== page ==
One of my less popular videos involves using a wattmeter to measure the efficiency of an immersion heater. In response to someone's request, I recently wrote it out. Immediately below is the letter I sent to this instructor and further below is the written procedure. I am posting a copy on the vimeo website:

I did this lab for the first time last week with students by just talking them through it and writing things on the board. However, since I have to write it up sooner or later I just wrote it up now (attached as both a work and pdf file). Be sure to share the video with your students too so they can see how it is done.

A couple of things you may need to know: I did not do it yet with a hotplate because I did not have access to one last week, but I think it would be a relatively safe and foolproof addition to the experiment. I also increased the electricity applied from 20 to 40 watt hours because it gives more accurate results (unless you have a watt meter that is more sensitive). Speaking of foolproof, you may even leave out the step involving the immersion heater because they are hard to obtain and are easily abused and may even be a fire hazard: Last week I destroyed my immersion heater when I though I was plugging in something else and it was not in water. I knew something was amiss after smelling a buring odor, which was my immersion heater burning out!

If you think this is not enough to do, I suggest you modify the procedure to look at the efficiency of applying different amounts of watt hours (20, 40, and 60 watt hours). Good luck.

Items needed: a plug-in watt meter, a Celsius thermometer, a hot plate, a 1 liter Pyrex glass beaker, a watch glass that covers the beaker, an electric tea kettle that holes at least 1 liter, an immersion heater, and a thermos that holds at least 500 mL.


1) Place 500 mL of water and the thermometer into the 1-liter beaker.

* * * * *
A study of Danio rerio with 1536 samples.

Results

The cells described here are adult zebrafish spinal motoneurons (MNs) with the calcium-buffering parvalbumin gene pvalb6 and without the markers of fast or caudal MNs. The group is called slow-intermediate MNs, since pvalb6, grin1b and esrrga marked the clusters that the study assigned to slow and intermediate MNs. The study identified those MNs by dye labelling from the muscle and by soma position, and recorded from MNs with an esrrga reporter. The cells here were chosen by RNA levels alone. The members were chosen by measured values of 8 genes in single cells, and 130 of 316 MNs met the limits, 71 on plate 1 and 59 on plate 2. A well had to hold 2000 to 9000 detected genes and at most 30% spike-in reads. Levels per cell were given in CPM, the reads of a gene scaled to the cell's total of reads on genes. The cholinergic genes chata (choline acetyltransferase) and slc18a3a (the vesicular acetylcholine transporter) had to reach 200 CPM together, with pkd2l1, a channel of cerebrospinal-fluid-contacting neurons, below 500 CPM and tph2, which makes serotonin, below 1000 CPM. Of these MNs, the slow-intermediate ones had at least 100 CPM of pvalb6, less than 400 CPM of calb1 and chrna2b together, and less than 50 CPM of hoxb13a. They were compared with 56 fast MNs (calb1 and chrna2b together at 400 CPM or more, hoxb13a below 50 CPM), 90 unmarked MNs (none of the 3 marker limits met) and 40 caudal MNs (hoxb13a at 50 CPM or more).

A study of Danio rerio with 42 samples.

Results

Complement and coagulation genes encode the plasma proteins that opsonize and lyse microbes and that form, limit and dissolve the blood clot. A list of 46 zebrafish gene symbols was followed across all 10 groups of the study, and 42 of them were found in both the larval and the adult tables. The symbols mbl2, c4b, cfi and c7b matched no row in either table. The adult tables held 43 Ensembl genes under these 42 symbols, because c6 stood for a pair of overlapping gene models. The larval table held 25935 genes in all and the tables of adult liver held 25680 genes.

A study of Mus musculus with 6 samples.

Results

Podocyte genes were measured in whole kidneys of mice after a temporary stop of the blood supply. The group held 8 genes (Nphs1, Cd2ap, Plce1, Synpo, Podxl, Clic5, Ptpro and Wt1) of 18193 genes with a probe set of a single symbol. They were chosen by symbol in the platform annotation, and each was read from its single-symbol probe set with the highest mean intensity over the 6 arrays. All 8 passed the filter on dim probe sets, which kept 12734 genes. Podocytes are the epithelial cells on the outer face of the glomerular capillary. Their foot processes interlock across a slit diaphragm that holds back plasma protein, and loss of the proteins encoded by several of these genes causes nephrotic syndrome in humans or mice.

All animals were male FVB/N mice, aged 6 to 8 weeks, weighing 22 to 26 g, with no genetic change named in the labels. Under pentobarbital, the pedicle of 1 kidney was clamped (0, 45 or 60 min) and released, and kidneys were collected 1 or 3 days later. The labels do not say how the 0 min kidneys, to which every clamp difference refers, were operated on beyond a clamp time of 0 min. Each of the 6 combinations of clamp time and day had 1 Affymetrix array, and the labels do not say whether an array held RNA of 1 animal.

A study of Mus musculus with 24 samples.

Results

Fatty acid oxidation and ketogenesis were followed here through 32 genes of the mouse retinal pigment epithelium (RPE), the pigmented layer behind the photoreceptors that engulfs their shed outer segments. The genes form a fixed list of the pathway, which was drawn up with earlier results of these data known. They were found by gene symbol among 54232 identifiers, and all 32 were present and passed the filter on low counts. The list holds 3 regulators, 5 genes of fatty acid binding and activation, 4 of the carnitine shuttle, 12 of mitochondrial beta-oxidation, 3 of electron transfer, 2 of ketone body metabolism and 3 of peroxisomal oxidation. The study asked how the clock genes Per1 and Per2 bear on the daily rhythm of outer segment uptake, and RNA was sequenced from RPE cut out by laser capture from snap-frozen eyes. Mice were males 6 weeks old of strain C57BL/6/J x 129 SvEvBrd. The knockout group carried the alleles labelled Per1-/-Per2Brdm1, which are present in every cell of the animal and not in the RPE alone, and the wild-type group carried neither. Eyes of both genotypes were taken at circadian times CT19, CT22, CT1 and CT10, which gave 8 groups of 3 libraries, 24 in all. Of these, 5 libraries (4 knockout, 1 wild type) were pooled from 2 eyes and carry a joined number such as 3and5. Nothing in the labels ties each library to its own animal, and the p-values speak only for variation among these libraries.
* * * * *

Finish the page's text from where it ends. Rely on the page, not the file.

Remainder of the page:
2) Plug your watt meter into the wall then plug the hot plate into the watt meter with the heat turned off.

3) Set the watt meter to read kilowatt hours, making sure you are starting at “zero” (reset if necessary).

4) Record the initial temperature then turn on the hot plate to the maximum setting.

5) Read the watt meter and turn off the hot plate as soon as the watt meter reads 0.04 kilowatt hours (this is equivalent to 40 watt hours).

6) Record the final temperature and do the following calculations: (assume 1 mL water = 1 gram)

a) (grams of water) × (4.2 J / g °C) × (final temperature – initial temperature) = Joules of heat absorbed

example: (500 g water) x (4.2 J / g x °C) x (70°C - 20°C) = 105,000 Joules heat absorbed

b) (Watt hours consumed) × (3600 J / watt hour) = Joules electricity consumed

example: (50 Wh) × (3600 J / watt hour) = 180,000 Joules electricity consumed

c) (Joules heat absorbed) ÷ (Joules electricity consumed) = efficiency ratio

example: (105,000 Joules) ÷ (180,000 Joules) = 0.58 = 58% efficiency

7) Empty the beaker, let it the hotplate cool to room temperature, then repeat steps 1-6 this time covering the beaker with the watch glass.

8) Repeat steps 1-6 this time using the electric tea kettle with the top open.
9) Repeat steps 1-6 this time using the electric tea kettle with the top closed.
10) Repeat steps 1-6 this time using the immersion heater with the top open.
11) Repeat steps 1-6 this time using the immersion heater with the top closed.

Caution: An immersion must always be immersed in water when it is turned on or it will be permanently damaged. Furthermore, an immersion heater does not have an “on/off” switch; You can only turn it off by unplugging it. Never plug it in unless it is immersed in water!